Its always rewarding when you can come to the table with an original idea, and even better when you’re the newest person there. Our Volunteer Trek Projects, or VTPs for even more confusing acronyms, follow a format that isn’t the same as other treks you’ve heard about…
As a still new(ish) NGO, NERF is always on the look out for new approaches and new partners to work with. Through meetings with the also newly founded Britain and Nepal NGO network, (BRANNGO) we connected with the heads of The Pahar Trust Nepal, (PTN) in the UK and Nepal. The first meeting was at their 20th anniversary in Pokhara, the second, (and frankly much more productive one) was over a few beers Lakeside last year…
“ Another fantastic one-take Vlog, that due to data loss, you’ll never see…but it was definitely fantastic “
When we met up with the PTN country team for the first time in their office in Pokhara we quickly got to the stage where we were not only agreeing the basics, but developing the model. For example adding in tree-planting by trekkers in schools, trees that would bear fruit and could be cared for by students as biology projects and sold to provide materials for the school.
Open, friendly, with a constructive and collaborative minded approach PTN have turned out to be exactly the kind of people NERF wants to work with. In general the charity sector is very open-minded and welcoming, however, after some time you will encounter the spectre of personal ‘fief-doms’ and an attitude that can perhaps be best summed up as ‘over-protective’.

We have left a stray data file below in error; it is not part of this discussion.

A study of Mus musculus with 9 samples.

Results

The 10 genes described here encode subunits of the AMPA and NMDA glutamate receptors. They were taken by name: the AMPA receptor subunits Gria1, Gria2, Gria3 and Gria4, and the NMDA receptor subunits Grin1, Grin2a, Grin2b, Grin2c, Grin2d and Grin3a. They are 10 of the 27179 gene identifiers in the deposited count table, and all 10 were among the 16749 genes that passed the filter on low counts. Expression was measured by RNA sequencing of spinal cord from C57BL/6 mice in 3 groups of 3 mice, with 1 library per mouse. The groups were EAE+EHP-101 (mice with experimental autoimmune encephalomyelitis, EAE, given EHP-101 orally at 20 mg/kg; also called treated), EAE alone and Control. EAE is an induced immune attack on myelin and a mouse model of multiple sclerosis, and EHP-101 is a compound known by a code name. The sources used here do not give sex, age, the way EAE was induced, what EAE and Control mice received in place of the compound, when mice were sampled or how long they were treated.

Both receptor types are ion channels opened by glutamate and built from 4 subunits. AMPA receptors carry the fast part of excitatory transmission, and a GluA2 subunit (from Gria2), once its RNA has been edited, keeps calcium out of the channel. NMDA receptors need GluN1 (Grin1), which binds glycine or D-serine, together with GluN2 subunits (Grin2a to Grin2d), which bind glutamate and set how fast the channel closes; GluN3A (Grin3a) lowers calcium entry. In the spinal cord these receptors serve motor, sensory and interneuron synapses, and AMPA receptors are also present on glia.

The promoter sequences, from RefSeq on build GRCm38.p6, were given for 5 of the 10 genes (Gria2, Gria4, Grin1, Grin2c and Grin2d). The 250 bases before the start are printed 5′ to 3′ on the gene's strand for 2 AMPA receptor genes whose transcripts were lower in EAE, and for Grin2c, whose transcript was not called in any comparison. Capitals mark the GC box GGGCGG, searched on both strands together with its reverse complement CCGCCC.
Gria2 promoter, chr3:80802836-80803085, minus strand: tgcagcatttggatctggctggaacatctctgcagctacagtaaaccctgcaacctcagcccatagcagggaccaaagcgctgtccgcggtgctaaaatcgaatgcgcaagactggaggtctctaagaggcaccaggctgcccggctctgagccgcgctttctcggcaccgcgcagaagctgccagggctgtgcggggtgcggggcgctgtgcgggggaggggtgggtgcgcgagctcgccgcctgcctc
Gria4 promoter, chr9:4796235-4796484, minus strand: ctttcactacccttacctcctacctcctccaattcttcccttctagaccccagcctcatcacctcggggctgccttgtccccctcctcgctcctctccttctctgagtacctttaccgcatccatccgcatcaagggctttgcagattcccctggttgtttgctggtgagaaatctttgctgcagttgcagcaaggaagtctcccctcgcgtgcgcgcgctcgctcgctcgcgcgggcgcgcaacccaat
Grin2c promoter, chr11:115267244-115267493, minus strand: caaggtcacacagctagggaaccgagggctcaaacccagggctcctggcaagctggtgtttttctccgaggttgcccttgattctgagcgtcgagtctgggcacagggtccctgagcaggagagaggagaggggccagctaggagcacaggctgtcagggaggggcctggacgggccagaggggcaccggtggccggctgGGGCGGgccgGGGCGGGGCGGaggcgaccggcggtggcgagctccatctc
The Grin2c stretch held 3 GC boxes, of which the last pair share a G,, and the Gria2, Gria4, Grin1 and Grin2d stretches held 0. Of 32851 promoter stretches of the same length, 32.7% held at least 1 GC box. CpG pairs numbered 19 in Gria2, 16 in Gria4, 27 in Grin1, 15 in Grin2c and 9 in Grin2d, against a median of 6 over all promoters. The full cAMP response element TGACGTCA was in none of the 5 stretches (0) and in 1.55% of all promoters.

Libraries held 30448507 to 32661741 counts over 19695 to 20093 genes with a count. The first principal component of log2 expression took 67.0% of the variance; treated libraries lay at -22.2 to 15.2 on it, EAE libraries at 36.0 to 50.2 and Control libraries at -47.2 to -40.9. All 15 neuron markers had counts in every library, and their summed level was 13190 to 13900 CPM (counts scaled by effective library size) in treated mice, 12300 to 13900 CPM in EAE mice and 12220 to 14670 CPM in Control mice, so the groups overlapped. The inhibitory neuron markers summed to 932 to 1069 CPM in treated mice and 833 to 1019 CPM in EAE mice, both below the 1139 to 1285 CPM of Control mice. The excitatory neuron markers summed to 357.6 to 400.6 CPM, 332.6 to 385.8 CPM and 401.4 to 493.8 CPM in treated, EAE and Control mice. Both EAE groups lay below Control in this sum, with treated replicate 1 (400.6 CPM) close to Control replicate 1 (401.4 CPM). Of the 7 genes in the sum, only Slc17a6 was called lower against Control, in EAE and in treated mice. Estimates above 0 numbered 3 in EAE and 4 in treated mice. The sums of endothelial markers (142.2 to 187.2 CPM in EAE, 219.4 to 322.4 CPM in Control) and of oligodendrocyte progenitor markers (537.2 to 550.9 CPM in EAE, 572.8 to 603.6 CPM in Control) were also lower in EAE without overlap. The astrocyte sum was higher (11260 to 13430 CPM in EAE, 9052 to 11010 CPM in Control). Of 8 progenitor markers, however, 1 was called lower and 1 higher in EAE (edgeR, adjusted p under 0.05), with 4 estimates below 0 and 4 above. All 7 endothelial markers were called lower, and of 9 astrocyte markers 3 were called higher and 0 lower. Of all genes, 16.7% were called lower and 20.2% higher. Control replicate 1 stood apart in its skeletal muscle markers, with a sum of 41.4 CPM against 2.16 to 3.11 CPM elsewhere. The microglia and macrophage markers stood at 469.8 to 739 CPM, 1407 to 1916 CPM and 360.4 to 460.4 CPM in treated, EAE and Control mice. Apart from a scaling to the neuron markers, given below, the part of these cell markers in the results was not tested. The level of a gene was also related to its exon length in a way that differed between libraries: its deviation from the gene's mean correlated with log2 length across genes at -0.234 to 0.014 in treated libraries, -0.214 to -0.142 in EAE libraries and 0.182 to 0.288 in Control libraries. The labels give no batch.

Naturally when you work hard at something, you want to protect it, and until you know and trust another person or organisation it will be difficult to let anybody in, and of course the first priority is the safety and well-being of the people in your working areas. That’s why its so important to get down to the nitty-gritty, to get into the field, to speak to everybody you can and both demonstrate your values, ethos and approach and evaluate others. This is also helps make sure you correctly gauge everybody’s level of commitment and agenda.
By the end of our second day out in the field with PTN we were pretty sure we’d overcome any, (or at least most…) doubts. We filmed several extremely informative Vlogs, precisely outlining the issues and coping strategies, that unfortunately, due to data loss, you’ll never see. However you can trust me when I say they were one-take masterpieces. If you want to see things first hand, you’ll have to come along on one of our treks ;)
So instead here’s a slideshow of the excellent school facilities, provided by the PTN with support from CAIRN (another organisation we’ve been working with closely for BRANNGO). This school included rounded table edges so that children don’t hurt themselves, detailed posters with more information than I learnt in primary school and extensive Enlish and Nepali libraries.